A San Francisco Chronicle Best Book of the Year
An O, The Oprah Magazine #1 Terrific Read
In an age of bolters - women who broke the rules and fled their marriages - Idina Sackville was the most celebrated of them all. Her relentless affairs, wild sex parties, and brazen flaunting of convention shocked high society and inspired countless writers and artists, from Nancy Mitford to Greta Garbo. But Idina’s compelling charm masked the pain of betrayal and heartbreak. Now Frances Osborne explores the life of Idina, her enigmatic great-grandmother, using letters, diaries, and family legend, following her from Edwardian London to the hills of Kenya, where she reigned over the scandalous antics of the “Happy Valley Set.” Dazzlingly chic yet warmly intimate, The Bolter is a fascinating look at a woman whose energy still burns bright almost a century later.
©2008 Frances Osborne (P)2013 Audible, Inc.
Sadly my first review of this fascinating book was rejected. I had no idea you could not link to an external site. Sadly it was just some external pictures of the memorable ‘Clouds’ house on Flicker. Lesson learned.
What is there to say about a great granddaughter finding out about the immoral and yet ever-so vivacious relative from the turn of the 20th century? Quite a lot based on this great book. It is a well written and absorbing book that details Idina Sackville and her associates of the “Happy Valley Set” in the Aberdare Hills of Kenya.
Some would that Idina Sackville was simply a “tart” of her age. But that would be inaccurate! She was a liberator of all women with an appetite for the opposite sex. She lived her life as she willed it – sometimes in utter exuberance and sometimes in utter sadness. She lived in a romantic age of strict morals and etiquette but she chose to break most of those along the way. She showed her liberating manner by bolting from a number of her five marriages whilst throwing partner swapping soirees. Most of these are well explained throughout the book.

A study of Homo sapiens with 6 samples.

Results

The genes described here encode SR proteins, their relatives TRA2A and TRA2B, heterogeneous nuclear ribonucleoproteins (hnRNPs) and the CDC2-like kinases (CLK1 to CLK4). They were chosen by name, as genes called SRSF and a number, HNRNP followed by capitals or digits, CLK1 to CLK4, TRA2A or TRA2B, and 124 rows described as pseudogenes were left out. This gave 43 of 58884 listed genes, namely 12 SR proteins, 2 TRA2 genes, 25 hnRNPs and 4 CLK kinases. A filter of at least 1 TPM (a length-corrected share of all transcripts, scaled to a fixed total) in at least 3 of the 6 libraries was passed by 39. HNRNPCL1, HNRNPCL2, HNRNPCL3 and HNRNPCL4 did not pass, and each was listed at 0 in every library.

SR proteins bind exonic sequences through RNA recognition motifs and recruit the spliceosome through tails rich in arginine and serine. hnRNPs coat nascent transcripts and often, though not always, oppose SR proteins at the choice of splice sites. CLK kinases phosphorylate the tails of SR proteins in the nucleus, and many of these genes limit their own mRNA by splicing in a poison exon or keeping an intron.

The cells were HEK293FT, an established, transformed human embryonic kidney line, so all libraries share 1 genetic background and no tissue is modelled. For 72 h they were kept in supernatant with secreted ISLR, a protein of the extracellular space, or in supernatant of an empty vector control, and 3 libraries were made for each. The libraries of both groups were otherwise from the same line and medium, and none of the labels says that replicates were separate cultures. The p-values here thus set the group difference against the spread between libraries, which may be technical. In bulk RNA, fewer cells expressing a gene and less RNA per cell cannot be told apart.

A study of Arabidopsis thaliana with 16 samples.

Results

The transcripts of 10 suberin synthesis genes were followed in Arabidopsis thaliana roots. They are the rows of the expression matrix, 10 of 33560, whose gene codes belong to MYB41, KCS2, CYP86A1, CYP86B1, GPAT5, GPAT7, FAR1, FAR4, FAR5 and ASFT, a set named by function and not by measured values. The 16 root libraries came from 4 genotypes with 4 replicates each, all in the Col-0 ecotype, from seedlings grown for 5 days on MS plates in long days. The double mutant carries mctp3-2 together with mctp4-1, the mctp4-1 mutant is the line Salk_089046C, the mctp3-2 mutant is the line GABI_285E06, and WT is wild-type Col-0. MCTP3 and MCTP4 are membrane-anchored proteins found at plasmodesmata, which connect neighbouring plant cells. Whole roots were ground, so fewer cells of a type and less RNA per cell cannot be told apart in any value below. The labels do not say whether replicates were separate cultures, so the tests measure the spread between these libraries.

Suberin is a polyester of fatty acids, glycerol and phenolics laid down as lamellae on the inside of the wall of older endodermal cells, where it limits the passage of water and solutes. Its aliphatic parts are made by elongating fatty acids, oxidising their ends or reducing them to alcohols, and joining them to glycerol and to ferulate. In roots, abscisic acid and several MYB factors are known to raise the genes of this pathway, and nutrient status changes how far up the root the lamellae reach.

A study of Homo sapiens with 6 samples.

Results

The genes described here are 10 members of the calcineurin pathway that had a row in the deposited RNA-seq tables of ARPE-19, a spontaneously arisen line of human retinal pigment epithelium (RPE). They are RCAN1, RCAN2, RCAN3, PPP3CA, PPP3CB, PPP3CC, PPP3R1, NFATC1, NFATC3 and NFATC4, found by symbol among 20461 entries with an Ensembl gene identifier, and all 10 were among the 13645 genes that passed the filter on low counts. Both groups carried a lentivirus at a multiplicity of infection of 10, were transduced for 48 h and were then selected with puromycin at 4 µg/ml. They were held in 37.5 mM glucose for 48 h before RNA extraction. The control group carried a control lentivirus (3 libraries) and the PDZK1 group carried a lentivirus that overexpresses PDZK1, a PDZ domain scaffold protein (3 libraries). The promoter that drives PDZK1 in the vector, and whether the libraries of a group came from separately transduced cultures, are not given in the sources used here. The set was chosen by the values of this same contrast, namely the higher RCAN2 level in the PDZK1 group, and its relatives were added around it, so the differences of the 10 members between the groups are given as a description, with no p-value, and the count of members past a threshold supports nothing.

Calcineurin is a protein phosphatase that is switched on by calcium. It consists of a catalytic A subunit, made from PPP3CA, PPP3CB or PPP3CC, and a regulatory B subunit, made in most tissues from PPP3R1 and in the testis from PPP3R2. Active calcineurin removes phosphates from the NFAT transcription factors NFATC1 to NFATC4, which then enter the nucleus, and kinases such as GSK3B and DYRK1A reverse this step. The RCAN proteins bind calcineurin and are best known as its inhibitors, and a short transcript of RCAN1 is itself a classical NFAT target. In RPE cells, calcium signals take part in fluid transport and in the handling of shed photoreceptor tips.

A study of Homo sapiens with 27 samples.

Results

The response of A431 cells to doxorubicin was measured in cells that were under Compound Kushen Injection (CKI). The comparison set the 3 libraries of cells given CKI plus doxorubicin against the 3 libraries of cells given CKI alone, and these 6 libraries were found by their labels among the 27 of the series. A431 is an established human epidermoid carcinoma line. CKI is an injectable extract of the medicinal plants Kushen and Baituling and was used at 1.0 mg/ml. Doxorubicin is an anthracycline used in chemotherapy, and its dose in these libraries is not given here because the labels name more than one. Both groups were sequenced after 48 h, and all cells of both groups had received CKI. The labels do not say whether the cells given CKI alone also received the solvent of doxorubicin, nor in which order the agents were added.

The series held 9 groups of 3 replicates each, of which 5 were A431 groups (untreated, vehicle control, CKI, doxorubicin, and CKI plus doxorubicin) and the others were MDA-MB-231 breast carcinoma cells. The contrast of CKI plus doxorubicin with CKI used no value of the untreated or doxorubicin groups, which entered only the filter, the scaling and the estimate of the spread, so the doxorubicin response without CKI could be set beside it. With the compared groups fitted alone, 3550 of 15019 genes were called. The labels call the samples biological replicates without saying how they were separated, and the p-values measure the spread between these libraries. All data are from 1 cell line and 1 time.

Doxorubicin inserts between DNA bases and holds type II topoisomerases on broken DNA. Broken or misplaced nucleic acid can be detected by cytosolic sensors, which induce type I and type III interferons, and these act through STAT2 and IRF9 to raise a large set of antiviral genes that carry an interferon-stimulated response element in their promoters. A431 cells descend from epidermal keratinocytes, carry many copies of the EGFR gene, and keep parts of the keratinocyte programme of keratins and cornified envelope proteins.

Sadly, she never achieved lifelong happiness. But she dies in her country of love, Kenya. I loved her life and her adventurous life. Great book.
I agree with the reviewers who said that, while well-researched, the author makes interesting material tedious. I am a fan of The Bolter a la Nancy Mitford and have loved reading about Beryl Markham, the Mitfords, etc. so I thought this book would be a no-miss for me. Oy. So dull. Like reading a laundry list of bad behavior.
No. It has given me an appreciation for those who make the genre come alive.
This is going to sound out there but someone like Davina Porter, who does the Outlander books, might have helped this book come alive. Susan Duerden has wonderful diction but her sing song delivery adds to the soporific quality of the whole experience.
This book ended up depressing me to the point where I had to stop listening. No wonder so many of the Happy Valley set met tragic ends. After listening to most of the book, morphine starts to sound like a good idea.